The state of Britain’s economy might seem to be going from strength to strength, with unemployment now at its lowest since the winter of 1974-1975. This headline record, however, masks other data which is showing that the boom might not be the magical panacea to all the fears many have about the fallout from Brexit.
UK Pay Growth Isn’t Keeping Pace
UK pay growth has failed to keep pace with the growth in employment and has decreased on a year-on-year basis. This is despite the upward pressure on wages that was expected to come about from a scarcity of labor. The Bank of England had predicted that UK pay growth would increase significantly due to the employment profile of the country, subsequently raising interest rates to prevent the economy from overheating.
However, real pay managed to rise by just 0.1% after inflation year-on-year, which is not an encouraging sign for those believing that the country will come through its plan to leave the European Union economically unscathed.
The Question of Zero-Hour Contracts
Though UK pay growth has not matched what officials would have expected at this time for the economy, there have been some other positive results to emerge about how business in the UK is coping with the fluctuating labor market. The number of employees on zero-hours contracts, often held up as an example of insecure and unfair work practice, has been reduced from 884,000 to 780,000 over the course of the year, which represents a positive move, especially for those on low wages who are the most affected by these contracts.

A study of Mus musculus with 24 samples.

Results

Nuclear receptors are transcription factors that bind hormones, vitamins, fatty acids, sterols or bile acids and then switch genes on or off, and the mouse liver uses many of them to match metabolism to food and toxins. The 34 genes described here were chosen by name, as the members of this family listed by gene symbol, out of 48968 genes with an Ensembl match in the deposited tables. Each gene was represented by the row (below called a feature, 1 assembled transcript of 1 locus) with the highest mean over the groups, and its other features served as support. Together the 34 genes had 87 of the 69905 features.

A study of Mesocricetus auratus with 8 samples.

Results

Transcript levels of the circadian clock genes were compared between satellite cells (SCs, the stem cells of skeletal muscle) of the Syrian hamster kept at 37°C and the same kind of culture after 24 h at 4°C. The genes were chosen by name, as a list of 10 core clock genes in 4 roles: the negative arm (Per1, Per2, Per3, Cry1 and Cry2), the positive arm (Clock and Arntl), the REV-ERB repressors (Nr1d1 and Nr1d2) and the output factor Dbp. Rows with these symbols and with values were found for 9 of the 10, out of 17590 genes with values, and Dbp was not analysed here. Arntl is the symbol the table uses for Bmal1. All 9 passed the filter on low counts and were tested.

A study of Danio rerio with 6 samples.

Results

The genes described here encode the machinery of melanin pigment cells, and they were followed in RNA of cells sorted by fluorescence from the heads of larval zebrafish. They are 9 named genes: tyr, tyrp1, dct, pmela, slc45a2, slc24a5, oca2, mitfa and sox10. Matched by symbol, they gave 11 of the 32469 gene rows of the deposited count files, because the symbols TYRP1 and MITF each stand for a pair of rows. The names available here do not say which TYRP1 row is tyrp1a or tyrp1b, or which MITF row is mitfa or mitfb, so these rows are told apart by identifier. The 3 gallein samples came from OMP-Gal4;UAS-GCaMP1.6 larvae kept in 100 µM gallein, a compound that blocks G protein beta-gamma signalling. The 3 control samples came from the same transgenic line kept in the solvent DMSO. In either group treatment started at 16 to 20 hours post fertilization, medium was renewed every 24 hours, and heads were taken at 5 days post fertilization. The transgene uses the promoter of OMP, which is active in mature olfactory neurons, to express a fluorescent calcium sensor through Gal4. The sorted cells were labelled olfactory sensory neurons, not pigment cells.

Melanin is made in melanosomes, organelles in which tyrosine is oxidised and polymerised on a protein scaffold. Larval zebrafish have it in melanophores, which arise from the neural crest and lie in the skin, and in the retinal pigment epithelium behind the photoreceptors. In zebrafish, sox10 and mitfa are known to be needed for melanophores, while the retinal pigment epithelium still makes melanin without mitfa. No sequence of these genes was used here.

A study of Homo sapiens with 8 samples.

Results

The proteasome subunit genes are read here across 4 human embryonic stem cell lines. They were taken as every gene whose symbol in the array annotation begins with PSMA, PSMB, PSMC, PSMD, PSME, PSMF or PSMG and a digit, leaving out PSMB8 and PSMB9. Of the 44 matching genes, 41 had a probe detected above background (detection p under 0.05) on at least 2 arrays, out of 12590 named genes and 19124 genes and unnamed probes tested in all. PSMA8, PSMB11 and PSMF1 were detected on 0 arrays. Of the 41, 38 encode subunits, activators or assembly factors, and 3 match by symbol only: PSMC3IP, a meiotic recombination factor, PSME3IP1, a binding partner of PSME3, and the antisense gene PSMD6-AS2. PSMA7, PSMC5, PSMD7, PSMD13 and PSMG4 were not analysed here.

It may be a sign that, though wages may not be increasing as much as expected, the tightening pool of potential employees has forced business in the UK to at least offer better terms to their staff. It offer small comfort however, given the uncertainty that still surrounds the country even as the exit date (March 29th, 2019) for leaving the largest trading bloc in the world looms ever closer.
EU Citizens Employed in Britain Continues to Fall
Another interesting detail which has been better predicted is that the number of EU citizens employed in Britain continues to fall, in this case by 86,000 people. This is the biggest fall in EU workers leaving the UK job market since records began over 20 years ago and represents the slow reversal of immigration from EU countries, though not non-EU countries, into the UK.
This means that those doing business in the UK will have a tough time to fill the 829,000 vacancies, which are not only a worry for the economy but also broader society. Of those vacancies, the National Health Service (NHS), Britain’s free healthcare system, makes up 107,000 of them, with 12% of nursing vacancies unfilled. This is a situation which is only likely to get worse as the drain of skilled EU workers continues from the system.
Overall, though there have been many positive signs about the UK’s economy recently, such as its very low unemployment rate and high industrial output, concerns still remain about whether this can be maintained and will actually lead to more money in the pockets of UK workers.